Lleyn Peninsula Coast Path
Pushing out into the sea from the coastline of north Wales, like a finger pointing towards Ireland, is the picturesque Lleyn Peninsula. Following this stunning coastline the 95 mile coastal path leads around the peninsula from Caernarfon to Portmadoc, crossing a variety of landscapes from mudflats to rocky cliffs reaching over 1100 feet at one point; to open heath land and secluded coves and sandy beaches, with the coast always nearby. The Lleyn coastline provides some magnificent walking as most of the coast has been designated an Area of Outstanding Natural Beauty and a Heritage Coast. The National Trust protects twelve miles of coastline along the route and there are several sites of Special Scientific Interest. The geology is also fascinating, with some of the oldest rock in the British Isles plus some of the youngest, partly a result of the geological contortions that created the mountains of Snowdonia. There are also some charming untouched working villages to visit, which provide a contrast to the seaside resorts.
Rights of Way issues necessitate that the coastal path diverts inland at several points, although only by a mile or so, with the sea still mostly visible. These diversions usually involve some uphill walking, up to over 1300 feet at one point, but only serve to enhance the variety of the walk. The Lleyn Peninsula has a strong Christian heritage as a pilgrim route, and during your outward walk along the north coast you will be following in the steps of thousands of pilgrims who for centuries made their way to Aberdaron, and then by boat to the Holy island of Bardsey, just off the tip of the peninsula. This explains the many small churches, such as at Pistyll and Llangwnnadl that you will pass during the journey.
Bardsey Island (Ynys Enlli) where legend say twenty thousand saints are buried is also an important national nature reserve. It is a stopping point on the migration route of western seabirds travelling between Iceland and Africa and birds are ringed and counted here. In springtime around eight thousand Manx shearwater nest in the rabbit burrows on the island, providing a magnet for bird watchers. Many other rare birds can be seen along the cliffs including, if you are lucky, the chough which favours the peninsula's rocky coastline. The sea which pounds the cliffs is also a Special Area of Conservation where dolphin, porpoise and grey seal can be sighted. Near Aberdaron and at several other points of your journey you will see razorbill, guillemot, cormorant and, of course, many different kinds of seagull. Spring and early summer is also the time when the cliffs are at their most spectacular, being covered with a blanket of wildflowers, whilst gorse and heather on the hills create a blaze of colour.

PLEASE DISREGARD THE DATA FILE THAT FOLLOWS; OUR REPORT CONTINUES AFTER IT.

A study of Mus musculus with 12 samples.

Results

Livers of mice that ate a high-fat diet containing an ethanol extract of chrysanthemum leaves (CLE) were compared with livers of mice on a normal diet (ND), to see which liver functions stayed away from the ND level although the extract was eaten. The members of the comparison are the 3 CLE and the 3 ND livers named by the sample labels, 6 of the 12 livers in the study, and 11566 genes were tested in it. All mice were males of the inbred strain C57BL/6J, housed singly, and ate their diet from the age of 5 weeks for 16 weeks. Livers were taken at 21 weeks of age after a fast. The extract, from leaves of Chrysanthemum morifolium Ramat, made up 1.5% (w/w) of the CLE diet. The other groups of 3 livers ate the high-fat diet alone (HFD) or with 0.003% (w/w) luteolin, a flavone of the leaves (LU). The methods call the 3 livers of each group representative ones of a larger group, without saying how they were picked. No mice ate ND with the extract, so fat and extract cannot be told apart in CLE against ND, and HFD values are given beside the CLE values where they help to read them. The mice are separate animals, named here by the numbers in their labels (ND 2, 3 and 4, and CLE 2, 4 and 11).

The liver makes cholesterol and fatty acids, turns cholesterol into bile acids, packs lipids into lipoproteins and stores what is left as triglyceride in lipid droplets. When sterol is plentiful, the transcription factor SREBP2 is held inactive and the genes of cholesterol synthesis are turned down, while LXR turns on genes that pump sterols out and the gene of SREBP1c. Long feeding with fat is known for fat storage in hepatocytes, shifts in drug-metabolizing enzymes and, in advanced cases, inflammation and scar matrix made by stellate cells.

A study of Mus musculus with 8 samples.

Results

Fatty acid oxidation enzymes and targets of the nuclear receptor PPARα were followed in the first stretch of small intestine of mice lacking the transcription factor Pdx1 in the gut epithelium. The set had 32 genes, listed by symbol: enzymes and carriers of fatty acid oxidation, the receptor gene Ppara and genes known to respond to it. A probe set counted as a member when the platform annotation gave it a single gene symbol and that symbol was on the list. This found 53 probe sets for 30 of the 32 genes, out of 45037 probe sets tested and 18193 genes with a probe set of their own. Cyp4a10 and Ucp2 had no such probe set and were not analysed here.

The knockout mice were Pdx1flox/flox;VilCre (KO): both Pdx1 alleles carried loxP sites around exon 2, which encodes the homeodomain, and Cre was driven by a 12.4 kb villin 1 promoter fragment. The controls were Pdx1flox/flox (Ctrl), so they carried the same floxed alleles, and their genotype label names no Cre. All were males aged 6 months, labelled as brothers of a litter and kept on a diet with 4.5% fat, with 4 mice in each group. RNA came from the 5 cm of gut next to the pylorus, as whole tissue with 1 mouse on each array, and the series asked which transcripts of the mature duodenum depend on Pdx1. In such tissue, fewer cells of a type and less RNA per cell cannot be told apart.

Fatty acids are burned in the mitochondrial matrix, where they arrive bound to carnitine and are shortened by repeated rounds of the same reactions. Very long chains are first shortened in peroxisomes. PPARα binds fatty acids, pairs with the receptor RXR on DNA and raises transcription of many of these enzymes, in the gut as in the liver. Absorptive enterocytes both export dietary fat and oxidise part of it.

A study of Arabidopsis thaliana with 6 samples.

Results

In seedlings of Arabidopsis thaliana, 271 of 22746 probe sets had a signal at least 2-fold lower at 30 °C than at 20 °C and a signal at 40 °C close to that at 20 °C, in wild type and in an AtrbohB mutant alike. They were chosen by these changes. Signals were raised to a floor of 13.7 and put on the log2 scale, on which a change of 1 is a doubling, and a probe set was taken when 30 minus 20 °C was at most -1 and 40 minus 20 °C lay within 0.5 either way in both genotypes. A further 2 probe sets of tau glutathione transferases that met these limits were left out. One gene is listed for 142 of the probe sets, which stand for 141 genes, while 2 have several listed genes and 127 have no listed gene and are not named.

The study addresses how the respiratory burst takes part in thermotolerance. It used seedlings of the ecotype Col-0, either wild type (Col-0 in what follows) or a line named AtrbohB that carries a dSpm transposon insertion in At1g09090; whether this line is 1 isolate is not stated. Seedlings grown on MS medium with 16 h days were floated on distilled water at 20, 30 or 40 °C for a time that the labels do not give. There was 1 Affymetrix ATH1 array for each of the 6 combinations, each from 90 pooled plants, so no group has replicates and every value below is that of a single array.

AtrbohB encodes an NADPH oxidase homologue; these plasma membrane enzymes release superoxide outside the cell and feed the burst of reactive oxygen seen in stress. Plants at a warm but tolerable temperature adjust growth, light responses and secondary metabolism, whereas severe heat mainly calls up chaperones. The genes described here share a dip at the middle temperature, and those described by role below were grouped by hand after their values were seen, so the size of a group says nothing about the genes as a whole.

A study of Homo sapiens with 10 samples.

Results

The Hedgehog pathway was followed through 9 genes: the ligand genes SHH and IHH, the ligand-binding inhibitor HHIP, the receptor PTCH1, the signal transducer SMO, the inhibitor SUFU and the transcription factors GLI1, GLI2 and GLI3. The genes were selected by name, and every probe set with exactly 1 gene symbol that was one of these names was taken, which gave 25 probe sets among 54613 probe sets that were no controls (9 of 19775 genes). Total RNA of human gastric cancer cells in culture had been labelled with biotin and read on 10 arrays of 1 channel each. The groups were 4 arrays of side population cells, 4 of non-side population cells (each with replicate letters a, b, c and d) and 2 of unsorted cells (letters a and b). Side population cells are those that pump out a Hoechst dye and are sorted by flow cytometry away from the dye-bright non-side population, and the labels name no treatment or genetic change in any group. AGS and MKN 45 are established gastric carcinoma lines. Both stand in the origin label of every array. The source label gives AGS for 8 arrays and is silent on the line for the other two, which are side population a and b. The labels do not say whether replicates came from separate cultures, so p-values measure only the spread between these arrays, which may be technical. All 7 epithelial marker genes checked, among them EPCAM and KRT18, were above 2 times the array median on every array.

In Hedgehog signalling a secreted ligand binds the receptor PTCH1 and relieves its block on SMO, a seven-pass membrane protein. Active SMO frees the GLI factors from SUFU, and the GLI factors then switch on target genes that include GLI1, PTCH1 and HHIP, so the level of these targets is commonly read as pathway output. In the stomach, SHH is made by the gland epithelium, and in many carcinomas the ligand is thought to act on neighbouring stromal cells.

Your itinerary will depend upon how much time you wish to spend exploring along the way. The 95 mile route could be walked in seven days (giving a daily average distance of 13.5 miles), but the problem with this is finding accommodation at stage points based upon these distance intervals, as the area is sparsely populated. If you are camping or backpacking this is not such a problem as there are numerous camping locations.
We would suggest a slightly more leisurely journey taking ten days, using an itinerary which provides a bed at the end of each day. However, even this requires some days with shorter walks and others with longer walks to fit the route between locations with accommodation. The daily stages we would suggest are as follows:
1. Caernarfon to Penygroes - 5.5 miles
2. Penygroes to Clynnog Fawr - 6 miles
3. Clynnog Fawr to Morfa Nefa - 14 miles
4. Morfa Nefyn to Llangwnnadl - 12 miles
5. Llangwnnadl to Aberdaron - 10 miles
6. Aberdaron to Rhiw - 8 miles
7. Rhiw to Abersoch - 14 miles
8. Abersoch to Pwllheli - 8miles
9. Pwllheli to Criccieth - 8 miles
10. Criccieth to Portmadoc - 6 miles
As accommodation is limited at many places it is essential to pre-book before setting out. You can obtain accommodation information from TIC's or you can obtain an accommodation listing from us which includes all the above locations by emailing firstname.lastname@example.org
At Portmadoc the route connects with the Meirionnydd Coast Walk.
As with all coastal walks, you are often very exposed to high winds and rain. Sea mists can not only drench you but can also provide a navigation hazard when walking near cliff edges. The extent to which these factors affect you will depend upon the time of year that you walk, but good shell clothing and walking boots are essential at all times of year - be prepared.